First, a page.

Robin Roberts got a presidential welcome on ABC's "Good Morning America" on Wednesday, February 20, after being absent from the show for 174 days to undergo a bone marrow transplant, and also received shout-outs from Oscar-nominated celebrities and The Muppets.
The 52-year-year-old has been battling myelodysplastic syndrome (MDS), a rare blood and bone disorder. She has also undergone chemotherapy -- a treatment she was also given for breast cancer in 2007. Her recovery has been chronicled on the series, where she has served as co-anchor for more than seven years.
"Good Morning America and welcome back, Robin," President Barack Obama said in a videotaped message, sitting alongside First Lady Michelle Obama, who was dressed in a pink, green, white and brown floral top.
"Robin, we just want you to know that the whole Obama family -- we've been thinking about you and praying for you and rooting for you every step of the way," his wife said.
"You've been an inspiration to all of us and we couldn't be happier that you're back here, doing what you do best," the U.S. leader continued. "So Robin, it's great to see you back in that chair and we're all excited to start our morning with you once again."
The first lady also said she is personally looking forward to a scheduled interview with Roberts that is set to take place later this week.
The president and first lady also sent Roberts a Christmas greeting in December, via an interview with ABC's Barbara Walters. The U.S. leader called Roberts "such a wonderful person, somebody that we've come to really love."
Roberts' return was announced on February 7. In addition to the Obamas, other celebrities have recorded videotaped messages for her on "GMA" over the past few weeks.
The list includes the likes of Josh Groban, current Oscar nominees Bradley Cooper, Denzel Washington and Quvenzhane Wallis, singer Mary J. Blige, ABC late-night host Jimmy Kimmel, Tim Gunn, Chris Harrison -- host of ABC's "The Bachelor and The Muppets, Mickey and Minnie Mouse and other Disney park characters.
"Good for you! Good to see you back!" Gonzo of "The Muppets" says in one clip.
"Where was she?" Pepe the King Prawn asked.
"Day of celebration"
Sitting on the "GMA" anchors' desk at the show's studio in New York City, with colleagues George Stephanopoulos -- her co-anchor, Sam Champion, Lara Spencer and Josh Elliot, who put his hands on her shoulders, Roberts said: "Hi, it's Robin and I had been waiting 174 days to say this: 'Good morning, America!'"
" I had to tell you, I keep pinching myself," she said. "And I realized that this is real. This is actually happening. And I don't have my froggy slippers on ? or do I? But faith, family and friends have brought me to this moment and I'm so full of gratitude."
Roberts sister Sally Ann, who had donated her bone marrow, and two of her doctors -- Gail Roboz and Sergio Giralt, also appeared on the show, as did seven of her nurses, some of whom were dressed in stylist dresses.
"There's so many people that I want to thank through the morning -- my doctors and nurses and family and colleagues and people who've sat in this chair and those who have blazed a trail before me," Roberts said. "As my mother said, 'We all have something' and everyone's story has purpose and meaning and value and I share this morning, this day of celebration with everyone."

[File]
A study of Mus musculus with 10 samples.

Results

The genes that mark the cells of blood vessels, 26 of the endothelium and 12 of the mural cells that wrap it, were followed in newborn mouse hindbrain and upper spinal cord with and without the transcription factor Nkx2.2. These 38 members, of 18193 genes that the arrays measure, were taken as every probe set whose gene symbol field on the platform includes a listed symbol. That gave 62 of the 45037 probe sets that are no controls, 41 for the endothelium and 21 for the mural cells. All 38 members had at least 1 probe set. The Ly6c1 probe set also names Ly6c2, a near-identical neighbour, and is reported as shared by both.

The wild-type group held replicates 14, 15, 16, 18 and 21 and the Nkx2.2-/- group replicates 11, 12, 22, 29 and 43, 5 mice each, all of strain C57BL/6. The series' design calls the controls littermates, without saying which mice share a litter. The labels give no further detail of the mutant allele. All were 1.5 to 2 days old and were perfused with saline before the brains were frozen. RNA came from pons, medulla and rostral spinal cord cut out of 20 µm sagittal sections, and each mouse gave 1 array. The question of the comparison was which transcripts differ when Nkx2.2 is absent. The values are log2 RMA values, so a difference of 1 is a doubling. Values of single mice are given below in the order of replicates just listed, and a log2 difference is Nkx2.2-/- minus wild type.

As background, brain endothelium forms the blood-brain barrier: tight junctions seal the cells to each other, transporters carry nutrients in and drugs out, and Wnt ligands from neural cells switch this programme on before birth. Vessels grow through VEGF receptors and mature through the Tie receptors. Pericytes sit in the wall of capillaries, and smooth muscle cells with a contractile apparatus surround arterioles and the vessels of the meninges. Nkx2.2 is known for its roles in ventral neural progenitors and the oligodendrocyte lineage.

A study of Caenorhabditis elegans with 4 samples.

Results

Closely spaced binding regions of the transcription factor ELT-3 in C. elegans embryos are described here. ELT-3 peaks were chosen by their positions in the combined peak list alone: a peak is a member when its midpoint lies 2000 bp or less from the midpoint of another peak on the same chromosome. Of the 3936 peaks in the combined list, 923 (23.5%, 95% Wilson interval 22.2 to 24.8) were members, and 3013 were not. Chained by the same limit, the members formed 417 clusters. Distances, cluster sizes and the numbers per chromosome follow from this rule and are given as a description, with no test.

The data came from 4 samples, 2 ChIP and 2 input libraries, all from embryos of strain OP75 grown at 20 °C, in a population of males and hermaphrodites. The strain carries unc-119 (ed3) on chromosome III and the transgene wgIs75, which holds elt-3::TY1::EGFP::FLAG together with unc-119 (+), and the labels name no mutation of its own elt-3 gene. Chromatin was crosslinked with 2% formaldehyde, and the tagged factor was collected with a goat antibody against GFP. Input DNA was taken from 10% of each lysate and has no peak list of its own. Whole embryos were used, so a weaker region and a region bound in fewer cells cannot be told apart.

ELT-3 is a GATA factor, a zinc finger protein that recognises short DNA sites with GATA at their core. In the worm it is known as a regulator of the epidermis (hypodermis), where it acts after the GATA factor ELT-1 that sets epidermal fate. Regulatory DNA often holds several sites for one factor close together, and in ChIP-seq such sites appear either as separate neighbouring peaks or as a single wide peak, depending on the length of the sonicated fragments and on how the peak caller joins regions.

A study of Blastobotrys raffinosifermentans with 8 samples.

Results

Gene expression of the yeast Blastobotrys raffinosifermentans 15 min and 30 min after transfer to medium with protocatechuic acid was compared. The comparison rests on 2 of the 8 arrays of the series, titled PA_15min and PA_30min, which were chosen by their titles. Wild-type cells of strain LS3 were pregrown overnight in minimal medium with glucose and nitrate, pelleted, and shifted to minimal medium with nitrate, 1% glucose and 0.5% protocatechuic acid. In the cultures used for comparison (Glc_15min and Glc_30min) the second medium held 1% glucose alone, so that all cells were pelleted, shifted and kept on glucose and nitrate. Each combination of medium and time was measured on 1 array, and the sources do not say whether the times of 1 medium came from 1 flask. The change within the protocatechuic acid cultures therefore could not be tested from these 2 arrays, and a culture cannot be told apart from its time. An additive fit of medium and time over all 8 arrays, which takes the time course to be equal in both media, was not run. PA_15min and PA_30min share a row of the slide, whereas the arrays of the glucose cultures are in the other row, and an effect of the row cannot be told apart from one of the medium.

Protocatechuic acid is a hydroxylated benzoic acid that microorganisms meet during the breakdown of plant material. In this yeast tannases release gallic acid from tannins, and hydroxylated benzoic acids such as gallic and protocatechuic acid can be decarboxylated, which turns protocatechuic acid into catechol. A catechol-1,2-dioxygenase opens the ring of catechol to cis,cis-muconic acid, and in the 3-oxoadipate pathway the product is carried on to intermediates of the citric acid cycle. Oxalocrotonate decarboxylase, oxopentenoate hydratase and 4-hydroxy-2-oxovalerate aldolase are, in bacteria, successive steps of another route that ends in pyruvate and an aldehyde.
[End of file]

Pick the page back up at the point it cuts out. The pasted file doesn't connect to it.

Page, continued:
Roberts' mother Lucimarian passed away at age 88 in August. The "GMA" anchor had begun her medical leave a day early to travel to Mississippi to be with her in her final moments.
It was announced last week that in addition to her "GMA" return, Roberts will also appear on ABC's pre-Oscars red carpet show on Oscar Sunday on February 24. (See more details about ABC's and OTRC.com's pre-Oscars shows)
Roboz, her oncologist, said Roberts did not "strong-arm" her doctors into returning to her job.
"We didn't exactly have in mind an interview with Mrs. Obama and the Oscars for this weekend as an easy start, I will confess, that was not right up there for what we had in mind for easing back in. But Dr. Geralt and I are learning to cope and we're hopeful that this strength that you're showing right now is just going to keep on going."
"I will be listening to them, be going back every couple of weeks," Roberts said. "We have another bone marrow test in two weeks. But just really listening to my body and that's what's so important for everyone."
"Today" show gift
Roberts, standing alongside her colleagues and top ABC executives, was also presented with a giant red velvet five-tier cake with pink, teal, fluorescent green, yellow and orange fondant decorations and figures of people holding signs, as well as large letters reading: "Welcome home Robin." Sitting on either side were bouquets of multicolored roses
She also received a gift basket from NBC's "Today" show -- the ABC program's biggest competitor -- and the series also made a donation to the Be The Match organization, which connects patients needing bone marrow or umbilical cord blood transplants with matching donors.
"Oh, that's wonderful!," Roberts said. "We're bring everybody together! We're bring morning TV together!"
(NOTE: OTRC.com, parent company KABC Television and the ABC Television Network are owned by the Walt Disney Company.
Watch clips from Robin Roberts' "GMA" return, including a special greeting from President Barack Obama and Michelle Obama.